Take a Bite at New Restaurants around Sanibel


Bimini Bait Shack: Should you find yourself in need of sustenance before you cross the causeway, the Bimini Bait Shack is conveniently situated to the west of the toll booths. This sprawling two-story restaurant in the shadow of the Sanibel Causeway is the former SS Hookers and Summerlin Jake’s, although it’s hard to recognize. It’s now far more casual with loads of nautical knickknacks, a lively atmosphere, lots of seafood, munchies and a full bar.

Dante’s Coal Fired Pizza: Dante’s began as a modest pizza joint on Pine Island Road in Cape Coral and has branched out to the islands. It now occupies the space at the Sanibel Inn where the Sea Star Café used to be. Besides its well-crafted pizzas, it offers coal-fired wings (make sure to try these), salads, sandwiches, pasta dishes, a host of beers, including craft varieties from local breweries, and a full bar.  

Sanibel Fresh: Bennett’s Fresh Roast has left the island (although it remains in downtown Fort Myers). In its place is Sanibel Fresh, the brainchild of chef Amy Visco Schmicker (Sunset Grill), who uses nitrate-free locally sourced meats, local eggs, honey from the famed Harold P. Curtis Honey Co. of LaBelle and other local ingredients. For every bag of oat grains she uses, one goes to the Harry Chapin Food Bank. You’ll find homemade blackberry jam, acai bowls, homemade granola and gluten-free options here.

Malia Island Fusion Café: This slightly off-the-beaten-path establishment at the Sanibel Island Golf Club became a don’t-miss dining spot when the Blue Coyote Supper Club moved in a few years back. Proprietor Mitch Schwenke decided to head on to other endeavors and sold it to chef/owner Jeff Samson and his wife, Kathy, who have quickly made it their own. Long-time restaurateurs from Michigan, the Samsons have created a restaurant that features a host of local ingredients, handmade pastas and dishes such as island fish stew, jerk lamb chops, roasted wild mushroom and farro salad and even green goddess dressing – when was the last time you saw that on a menu? The full bar also offers craft cocktails such as the Sanibel Smash (gin, tonic, cucumber and basil) and the Spray Tan Martini (orange liqueur and orange vodka).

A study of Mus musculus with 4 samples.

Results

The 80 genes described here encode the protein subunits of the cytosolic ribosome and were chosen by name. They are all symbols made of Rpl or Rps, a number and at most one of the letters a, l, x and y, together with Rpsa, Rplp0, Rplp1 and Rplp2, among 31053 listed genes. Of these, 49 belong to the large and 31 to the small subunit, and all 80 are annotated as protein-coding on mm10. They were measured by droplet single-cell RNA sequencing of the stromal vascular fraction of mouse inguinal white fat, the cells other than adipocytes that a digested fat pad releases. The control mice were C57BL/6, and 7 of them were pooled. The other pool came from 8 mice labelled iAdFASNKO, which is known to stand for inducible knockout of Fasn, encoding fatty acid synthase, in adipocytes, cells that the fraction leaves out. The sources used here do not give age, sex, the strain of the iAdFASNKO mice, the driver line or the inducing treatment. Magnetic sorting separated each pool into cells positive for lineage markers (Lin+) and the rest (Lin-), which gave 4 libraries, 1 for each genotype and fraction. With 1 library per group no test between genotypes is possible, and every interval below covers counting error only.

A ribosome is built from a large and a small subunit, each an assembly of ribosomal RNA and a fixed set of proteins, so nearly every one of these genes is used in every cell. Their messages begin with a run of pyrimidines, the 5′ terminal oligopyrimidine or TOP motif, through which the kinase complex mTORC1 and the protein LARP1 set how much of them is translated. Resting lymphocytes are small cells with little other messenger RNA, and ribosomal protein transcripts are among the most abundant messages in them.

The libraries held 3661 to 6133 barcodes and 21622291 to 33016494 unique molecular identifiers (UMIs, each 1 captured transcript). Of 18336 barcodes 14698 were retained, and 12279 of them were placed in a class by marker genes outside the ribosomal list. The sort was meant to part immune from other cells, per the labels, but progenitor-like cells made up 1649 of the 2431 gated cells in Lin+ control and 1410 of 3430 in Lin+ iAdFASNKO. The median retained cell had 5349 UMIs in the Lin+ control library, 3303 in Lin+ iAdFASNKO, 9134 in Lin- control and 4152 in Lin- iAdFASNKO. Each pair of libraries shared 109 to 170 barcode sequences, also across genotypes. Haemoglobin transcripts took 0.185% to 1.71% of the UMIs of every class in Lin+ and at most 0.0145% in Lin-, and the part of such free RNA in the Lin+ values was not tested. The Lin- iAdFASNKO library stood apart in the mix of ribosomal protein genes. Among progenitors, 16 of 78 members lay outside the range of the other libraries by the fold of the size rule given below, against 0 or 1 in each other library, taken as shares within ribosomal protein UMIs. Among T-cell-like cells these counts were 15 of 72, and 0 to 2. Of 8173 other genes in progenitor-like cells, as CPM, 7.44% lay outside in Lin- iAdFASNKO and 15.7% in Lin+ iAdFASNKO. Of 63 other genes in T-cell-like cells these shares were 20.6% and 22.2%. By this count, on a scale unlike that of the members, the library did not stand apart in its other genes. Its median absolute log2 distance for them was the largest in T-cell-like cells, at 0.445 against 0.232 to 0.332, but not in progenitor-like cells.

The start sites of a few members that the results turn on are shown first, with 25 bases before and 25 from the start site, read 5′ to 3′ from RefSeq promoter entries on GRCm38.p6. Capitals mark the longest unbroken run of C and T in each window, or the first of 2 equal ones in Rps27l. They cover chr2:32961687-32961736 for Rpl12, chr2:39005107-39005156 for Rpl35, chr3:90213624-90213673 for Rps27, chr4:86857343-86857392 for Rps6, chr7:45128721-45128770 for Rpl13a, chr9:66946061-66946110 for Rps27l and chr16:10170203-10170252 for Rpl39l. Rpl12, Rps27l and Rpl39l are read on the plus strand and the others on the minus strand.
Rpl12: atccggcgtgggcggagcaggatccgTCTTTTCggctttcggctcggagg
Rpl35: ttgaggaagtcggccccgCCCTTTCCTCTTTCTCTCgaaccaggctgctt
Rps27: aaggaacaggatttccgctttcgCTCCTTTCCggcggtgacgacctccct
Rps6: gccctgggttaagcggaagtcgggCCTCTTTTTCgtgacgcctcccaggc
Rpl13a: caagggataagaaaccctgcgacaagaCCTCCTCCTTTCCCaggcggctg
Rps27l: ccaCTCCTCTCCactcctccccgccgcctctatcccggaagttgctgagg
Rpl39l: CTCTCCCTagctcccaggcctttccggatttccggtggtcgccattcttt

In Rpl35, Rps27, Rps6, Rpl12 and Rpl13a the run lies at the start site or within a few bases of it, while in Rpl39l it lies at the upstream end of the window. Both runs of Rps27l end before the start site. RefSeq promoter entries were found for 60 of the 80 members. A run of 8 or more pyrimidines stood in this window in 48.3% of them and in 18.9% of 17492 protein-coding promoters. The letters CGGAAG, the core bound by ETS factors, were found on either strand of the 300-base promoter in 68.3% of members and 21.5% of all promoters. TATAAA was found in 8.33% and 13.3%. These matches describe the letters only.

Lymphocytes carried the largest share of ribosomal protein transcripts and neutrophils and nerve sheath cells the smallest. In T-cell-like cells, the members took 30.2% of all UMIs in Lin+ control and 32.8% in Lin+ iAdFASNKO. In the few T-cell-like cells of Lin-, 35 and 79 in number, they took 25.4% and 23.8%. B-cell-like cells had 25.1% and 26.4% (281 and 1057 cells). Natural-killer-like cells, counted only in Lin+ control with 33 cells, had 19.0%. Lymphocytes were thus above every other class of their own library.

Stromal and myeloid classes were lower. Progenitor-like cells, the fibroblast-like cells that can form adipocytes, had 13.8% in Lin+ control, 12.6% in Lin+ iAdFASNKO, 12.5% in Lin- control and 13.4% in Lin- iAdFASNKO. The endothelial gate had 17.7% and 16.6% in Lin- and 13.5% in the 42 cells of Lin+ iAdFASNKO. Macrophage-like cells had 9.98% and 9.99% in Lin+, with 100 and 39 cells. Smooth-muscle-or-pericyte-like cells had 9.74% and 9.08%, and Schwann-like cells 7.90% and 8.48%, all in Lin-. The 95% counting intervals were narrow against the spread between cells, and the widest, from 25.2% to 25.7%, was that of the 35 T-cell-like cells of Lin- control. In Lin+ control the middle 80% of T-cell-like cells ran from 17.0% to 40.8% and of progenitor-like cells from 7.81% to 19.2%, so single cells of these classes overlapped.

MudBugs Cajun Kitchen: From the folks who brought you the Lazy Flamingo comes a new concept in the space formerly occupied by Sanibel Steakhouse. The ambience and menu have a zesty Louisiana flair. On the menu, you’ll find po’boys – choose from catfish, shrimp or oyster – mudbug (Cajun slang for crawfish) stuffed shrimp, jambalaya, chicken and andouille sausage gumbo, chargrilled oysters, crispy gator tail, bacon-wrapped steaks and crawfish crab cakes, among other things. There are even classic Hurricanes served in souvenir glasses.  Laissez le bon temps rouler!

Traders 2: Chef Mike Patnode’s food has created a loyal following at Traders and now it’s doing the same thing at the longtime restaurant’s little sibling, T2. While there are a few crossovers on the menu, there are sandwiches, flatbreads, seafood and a variety of large plates here that make it worth a visit.

Sanibel Sprout: Whether you’re a vegan or not, you are sure to find something to delight the palate at this little gem hidden away in Bailey’s General Store. Try some fresh juice, a smoothie or latte and pair it with a hearty black bean burger, Thai spring rolls, soothing coconut Indian curry soup or chilled vegan berry lemon pie. 

Paper Fig Kitchen: While you can order here and eat out on the porch, this is primarily a takeout and catering establishment that offers dishes ready to pop in the oven or on top of the stove and heat up for a quick, no-fuss meal. The list changes weekly so check out the Fig’s website, but there are always several soups (think chicken and wild rice or crab bisque), flatbreads (including gluten-free varieties with cauliflower crusts), tacos (stuffed with shrimp and chorizo or Korean-style beef short ribs), salads (like the popular Merlot poached pear salad), as well as cookies and other baked goods, beef Wellington, stuffed portabellos and various vegetarian options. Chef/proprietor Jeramie Campana and his wife and co-owner, Debra, have created a welcoming environment and some exceptional food.

Tidewater Bistro: The longtime Hungry Heron morphed into Rosy’s and then David Maudlin decided he wanted to run his own place – after helping run other island spots for many years – and so he bought it and created Tidewater Bistro. The renovated restaurant has a tropical feel and a menu to match, featuring items such as lobster bisque, gator tail, beer-battered shrimp, pulled pork sliders, baby back ribs, grouper piccata, lunchtime tacos and quesadillas and Sunday brunch with omelets, quiches, benedicts and griddle items.